Technology has made huge advancements, especially in the last few years, but what has it done for our postural support?

Posture in it’s literally sense means ‘a particular position of the body’ but to restrict this to its literal denotation almost gives the term an injustice. Posture can be responsible for a lot more than the way we sit or the way we look; it has a huge impact on our mental and physical health. In fact, Dr. James Levine, director of the Mayo Clinic-Arizona State University Solutions has stated that the way we sit can now be more dangerous for us than smoking.

There is not one single factor that is causing many of us to sport poor postural positions. Having said this, working long hours whilst sitting in the same position, sleeping in poor positions such as on your front and not getting enough movement are all thought to be contributing factors to why many of us have poor posture. However, something perhaps far less reported on is the affect that our smartphones and tablets can have on our posture.

In recent years the growth of smartphones and tablets has been unprecedented. Most people nowadays, regardless of age, have some form of handheld device which in the most part is extremely useful. It enables us to keep connected with family and friends and contains useful features or applications which can make our everyday lives easier. But what exactly are the potential damages to our core position that come with having a smartphone?

Quite simply, smartphones are becoming a pain in the neck. According to research from a group of leading doctors, what is termed ‘tech neck’ is becoming an epidemic that could lead to permanent damage if we are not careful. The postural position adopted when gazing at our smartphones actually increases pressure on our neck, which in turn can cause wear and tear on the neck leading to medication or even an operation.

It is thought that the average head weighs between 10Ib and 12Ib. Despite this, when we anchor our heads forward to look at our smartphones or tablets, the effective weight of our head increases. In fact, angling our heads as little as 15 degrees can increase our head weight by as much as 27Ib rising to an enormous 60Ib at 60 degrees. To put this into context, angling our head at 60 degrees is the equivalent of holding five gallons of paint on your head.

In addition, as well as the added pressure on your neck and spine, slouching whilst looking at your mobile can affect your health and wellbeing more generally. For example, your spine essentially acts as a protector for your nervous system. Which literally controls and coordinates all the different functions of your body. This is why any disruption from the nerve communication to your organs may result in irregular function. Simply by keeping good posture and improving the alignment of the spine, there are a whole host of benefits available.

Other than the obvious physical harm that handheld devices are doing to our posture, there is also evidence to suggest that it is also responsible for affecting our self-image and happiness. It’s unsurprising that those who slouch, have their shoulders forward and head low down are more likely to be depressed. Well studies have now shown that your posture can dictate the way we think about ourselves. Therefore, your smartphone or tablet could literally be shaping who you are as a person.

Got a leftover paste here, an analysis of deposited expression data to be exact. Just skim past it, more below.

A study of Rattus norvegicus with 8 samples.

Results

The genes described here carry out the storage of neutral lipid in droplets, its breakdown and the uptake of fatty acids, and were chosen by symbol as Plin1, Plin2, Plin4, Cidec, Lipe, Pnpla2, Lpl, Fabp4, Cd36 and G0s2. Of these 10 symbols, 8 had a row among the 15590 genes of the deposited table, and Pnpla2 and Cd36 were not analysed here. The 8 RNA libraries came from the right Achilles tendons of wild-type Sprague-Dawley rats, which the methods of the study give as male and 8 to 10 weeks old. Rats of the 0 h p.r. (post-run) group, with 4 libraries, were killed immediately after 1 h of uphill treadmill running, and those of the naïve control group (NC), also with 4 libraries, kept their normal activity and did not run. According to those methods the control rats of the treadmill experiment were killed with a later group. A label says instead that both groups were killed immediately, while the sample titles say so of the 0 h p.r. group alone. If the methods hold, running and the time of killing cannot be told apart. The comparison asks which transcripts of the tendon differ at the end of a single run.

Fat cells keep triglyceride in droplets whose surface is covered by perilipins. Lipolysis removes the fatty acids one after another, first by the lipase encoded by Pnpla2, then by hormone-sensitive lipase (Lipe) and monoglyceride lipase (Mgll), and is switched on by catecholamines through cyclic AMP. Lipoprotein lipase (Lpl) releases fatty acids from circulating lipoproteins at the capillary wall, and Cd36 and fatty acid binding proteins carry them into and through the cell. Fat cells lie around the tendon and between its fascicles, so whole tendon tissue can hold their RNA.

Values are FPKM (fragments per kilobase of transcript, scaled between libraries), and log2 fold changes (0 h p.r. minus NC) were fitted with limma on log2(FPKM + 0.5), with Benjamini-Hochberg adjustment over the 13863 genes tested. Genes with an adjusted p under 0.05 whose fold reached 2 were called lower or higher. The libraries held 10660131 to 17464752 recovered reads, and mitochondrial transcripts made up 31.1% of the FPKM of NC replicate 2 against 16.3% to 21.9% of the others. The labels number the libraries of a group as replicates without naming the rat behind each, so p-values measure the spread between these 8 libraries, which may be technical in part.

Find out exactly how your posture shapes who you are in this video from Amy Cuddy

Smartphones are very much a part of everyday life so you may think that this is a situation that will just keep reoccurring. However, there are things that you can do to try and stop the excessive stress that is being placed on your neck and spine. With the average smartphone user spending a huge 2 – 4 hours every day with their head dropped down, what are these solutions? How can you avoid this poor posture?

Take a Break:

If you have noticed that you’ve been on your phone for a prolonged period of time then take a little bit of time away from the screen. Just getting up and walking around, doing some household chores or engaging in light exercise is the perfect solution to an hour or two away from your phone. Not only will this help with your posture but it will also reduce the chances of developing ailments such as repetitive strain injury.

Use the technology:

Those who simply have to be on their tablet or phone should use the technology that they have at their disposal. For example altering our postural position when using these devices will go a long way in reducing the effects of poor posture. This may involve either lying down with a straight back or holding the phone in front of your face but you will start to feel better for it. Alternatively, using voice recognition or simply calling people will reduce the need to slouching when searching the internet or communicating.

Unfortunately, poor posture that happens as a result of technology is more than just a hunch and it is literally changing the way we live our lives. Despite this, we are ever dependent on our handheld devices and therefore the best thing that many of us can do is to try and limit the damage to our spines and neck where possible. Taking steps such as changing the way we hold our phones or using voice recognition will work towards aligning our spine in its natural form.